Microcontrollers

Microcontrollers – whether 8, 16 or 32bit – are all around us: at home, at work, in our cars and in industrial systems. Reflecting this abundance, the market for microcontrollers is worth more than $16billion a year and growing strongly.

The market was once dominated by 8bit parts, but the price performance advantage of ARM based 32bit devices, along with the need to accommodate more complex software, is starting a move from 8bit to 32bit mcus. And this is accompanied by the appearance of multicore devices.

In this section, New Electronics brings you the latest on the microcontroller market.

All for one

Grid computing holds the prospect of accessing vast amounts of processing power from your desktop. By David Boothroyd.

Beat the clock

Why academics and companies alike are pursuing asynchronous circuit designs. By Graham Pitcher.

Perchance to dream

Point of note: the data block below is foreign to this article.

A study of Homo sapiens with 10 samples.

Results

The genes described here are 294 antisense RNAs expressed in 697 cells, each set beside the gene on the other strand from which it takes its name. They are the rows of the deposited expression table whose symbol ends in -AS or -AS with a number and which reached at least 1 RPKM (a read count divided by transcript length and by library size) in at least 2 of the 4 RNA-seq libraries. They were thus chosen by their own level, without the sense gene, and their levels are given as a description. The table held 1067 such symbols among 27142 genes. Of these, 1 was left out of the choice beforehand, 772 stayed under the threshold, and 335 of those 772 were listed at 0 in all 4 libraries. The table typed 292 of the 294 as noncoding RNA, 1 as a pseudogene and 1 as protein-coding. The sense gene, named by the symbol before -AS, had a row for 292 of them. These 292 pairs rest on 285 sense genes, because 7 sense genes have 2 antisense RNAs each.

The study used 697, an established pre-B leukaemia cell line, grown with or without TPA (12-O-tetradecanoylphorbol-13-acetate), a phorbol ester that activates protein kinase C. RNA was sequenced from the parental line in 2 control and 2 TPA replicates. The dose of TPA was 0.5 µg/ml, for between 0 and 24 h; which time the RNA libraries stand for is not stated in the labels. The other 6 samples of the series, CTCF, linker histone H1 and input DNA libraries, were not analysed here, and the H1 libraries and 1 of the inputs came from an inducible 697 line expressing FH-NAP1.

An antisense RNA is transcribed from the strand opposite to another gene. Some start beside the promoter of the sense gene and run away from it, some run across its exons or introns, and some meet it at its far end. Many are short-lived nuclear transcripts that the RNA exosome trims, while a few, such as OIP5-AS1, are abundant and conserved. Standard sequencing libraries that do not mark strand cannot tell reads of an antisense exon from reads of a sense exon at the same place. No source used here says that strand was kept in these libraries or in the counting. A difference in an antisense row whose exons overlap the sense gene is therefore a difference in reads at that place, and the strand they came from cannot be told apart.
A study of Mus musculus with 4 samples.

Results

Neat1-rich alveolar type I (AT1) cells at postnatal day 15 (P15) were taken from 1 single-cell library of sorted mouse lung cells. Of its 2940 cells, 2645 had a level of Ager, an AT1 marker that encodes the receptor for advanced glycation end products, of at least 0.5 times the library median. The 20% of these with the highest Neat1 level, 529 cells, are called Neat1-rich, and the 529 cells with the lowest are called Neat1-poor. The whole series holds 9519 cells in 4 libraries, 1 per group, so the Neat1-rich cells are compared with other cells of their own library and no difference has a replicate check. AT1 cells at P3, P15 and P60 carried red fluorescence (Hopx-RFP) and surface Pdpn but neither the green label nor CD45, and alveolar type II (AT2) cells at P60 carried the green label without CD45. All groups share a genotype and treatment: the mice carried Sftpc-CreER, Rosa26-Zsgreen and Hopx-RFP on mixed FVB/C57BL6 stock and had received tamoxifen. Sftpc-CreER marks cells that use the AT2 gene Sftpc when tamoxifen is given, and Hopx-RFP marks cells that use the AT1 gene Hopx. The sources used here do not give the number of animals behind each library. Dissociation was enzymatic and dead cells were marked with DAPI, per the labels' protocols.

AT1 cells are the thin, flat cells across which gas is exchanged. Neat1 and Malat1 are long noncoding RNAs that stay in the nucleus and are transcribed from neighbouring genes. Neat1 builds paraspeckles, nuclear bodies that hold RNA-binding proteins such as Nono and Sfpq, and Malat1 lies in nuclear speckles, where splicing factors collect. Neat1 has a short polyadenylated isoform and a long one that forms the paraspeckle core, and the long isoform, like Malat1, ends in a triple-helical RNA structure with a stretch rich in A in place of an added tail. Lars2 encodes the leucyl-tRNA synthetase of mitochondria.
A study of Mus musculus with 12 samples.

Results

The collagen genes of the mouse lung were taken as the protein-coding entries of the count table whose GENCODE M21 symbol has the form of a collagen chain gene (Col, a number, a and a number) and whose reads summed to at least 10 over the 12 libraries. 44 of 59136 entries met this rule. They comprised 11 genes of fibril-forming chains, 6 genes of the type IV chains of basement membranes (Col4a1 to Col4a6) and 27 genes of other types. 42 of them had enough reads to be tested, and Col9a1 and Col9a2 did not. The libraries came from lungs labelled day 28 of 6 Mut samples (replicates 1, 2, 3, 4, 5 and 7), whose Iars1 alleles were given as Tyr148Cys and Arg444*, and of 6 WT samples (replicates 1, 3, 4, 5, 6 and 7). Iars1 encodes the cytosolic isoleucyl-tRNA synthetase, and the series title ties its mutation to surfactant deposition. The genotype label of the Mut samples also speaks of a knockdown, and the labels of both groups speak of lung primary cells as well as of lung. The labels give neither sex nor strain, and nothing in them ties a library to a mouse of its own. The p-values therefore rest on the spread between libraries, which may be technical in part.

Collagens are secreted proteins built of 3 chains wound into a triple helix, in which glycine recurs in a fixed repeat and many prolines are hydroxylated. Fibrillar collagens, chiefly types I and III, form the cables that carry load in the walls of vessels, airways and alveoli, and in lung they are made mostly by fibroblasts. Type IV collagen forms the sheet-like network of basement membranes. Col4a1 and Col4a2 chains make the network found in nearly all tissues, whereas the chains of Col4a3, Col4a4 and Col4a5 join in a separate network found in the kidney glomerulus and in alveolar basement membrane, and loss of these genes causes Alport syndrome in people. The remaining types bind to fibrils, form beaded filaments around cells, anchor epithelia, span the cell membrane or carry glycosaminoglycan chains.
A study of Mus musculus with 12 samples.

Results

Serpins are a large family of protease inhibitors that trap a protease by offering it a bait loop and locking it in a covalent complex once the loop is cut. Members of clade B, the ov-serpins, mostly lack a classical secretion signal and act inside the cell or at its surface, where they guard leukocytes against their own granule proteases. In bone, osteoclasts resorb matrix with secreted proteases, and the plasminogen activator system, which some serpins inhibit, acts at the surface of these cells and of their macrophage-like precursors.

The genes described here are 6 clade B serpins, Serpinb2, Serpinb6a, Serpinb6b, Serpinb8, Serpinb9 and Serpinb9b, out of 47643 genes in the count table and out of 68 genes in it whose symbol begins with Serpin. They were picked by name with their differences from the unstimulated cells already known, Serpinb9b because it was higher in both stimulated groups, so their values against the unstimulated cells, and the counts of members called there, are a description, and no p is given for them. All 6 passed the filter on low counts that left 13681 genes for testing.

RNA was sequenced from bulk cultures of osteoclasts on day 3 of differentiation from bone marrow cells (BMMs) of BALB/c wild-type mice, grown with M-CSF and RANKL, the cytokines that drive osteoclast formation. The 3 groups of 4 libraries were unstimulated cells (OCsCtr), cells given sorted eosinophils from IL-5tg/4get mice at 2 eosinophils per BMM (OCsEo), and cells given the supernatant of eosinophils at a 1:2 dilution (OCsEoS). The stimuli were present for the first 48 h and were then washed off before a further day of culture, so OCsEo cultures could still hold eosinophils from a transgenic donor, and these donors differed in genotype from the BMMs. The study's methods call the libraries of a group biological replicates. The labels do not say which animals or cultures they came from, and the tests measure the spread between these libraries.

How do you achieve the most benefit from the various low power modes in an 8bit microcontroller? By Vanessa Knivett.

Slimming down

Phone manufacturers are putting pressure on silicon providers to develop single chip phones. But do we really need disposable phones? By Philip Ling.

Simpler security

How flash microcontroller based fire security sounders can be designed at lower system cost than ever before. By Colin Garlick.

Doing the triple

Integrated digital services represent the next big thing for silicon vendors and users alike. By Philip Ling.

Cores and effect

Intel does some fancy design work to reduce power consumption in its latest multicore processor. By Philip Ling.

Time to save power

Adaptive control of frequency and core voltage is aimed at saving battery life in portable products. By Graham Pitcher.

Igniting interest

Ultra small embedded processors for communications applications are grabbing developer’s attention. By Graham Pitcher.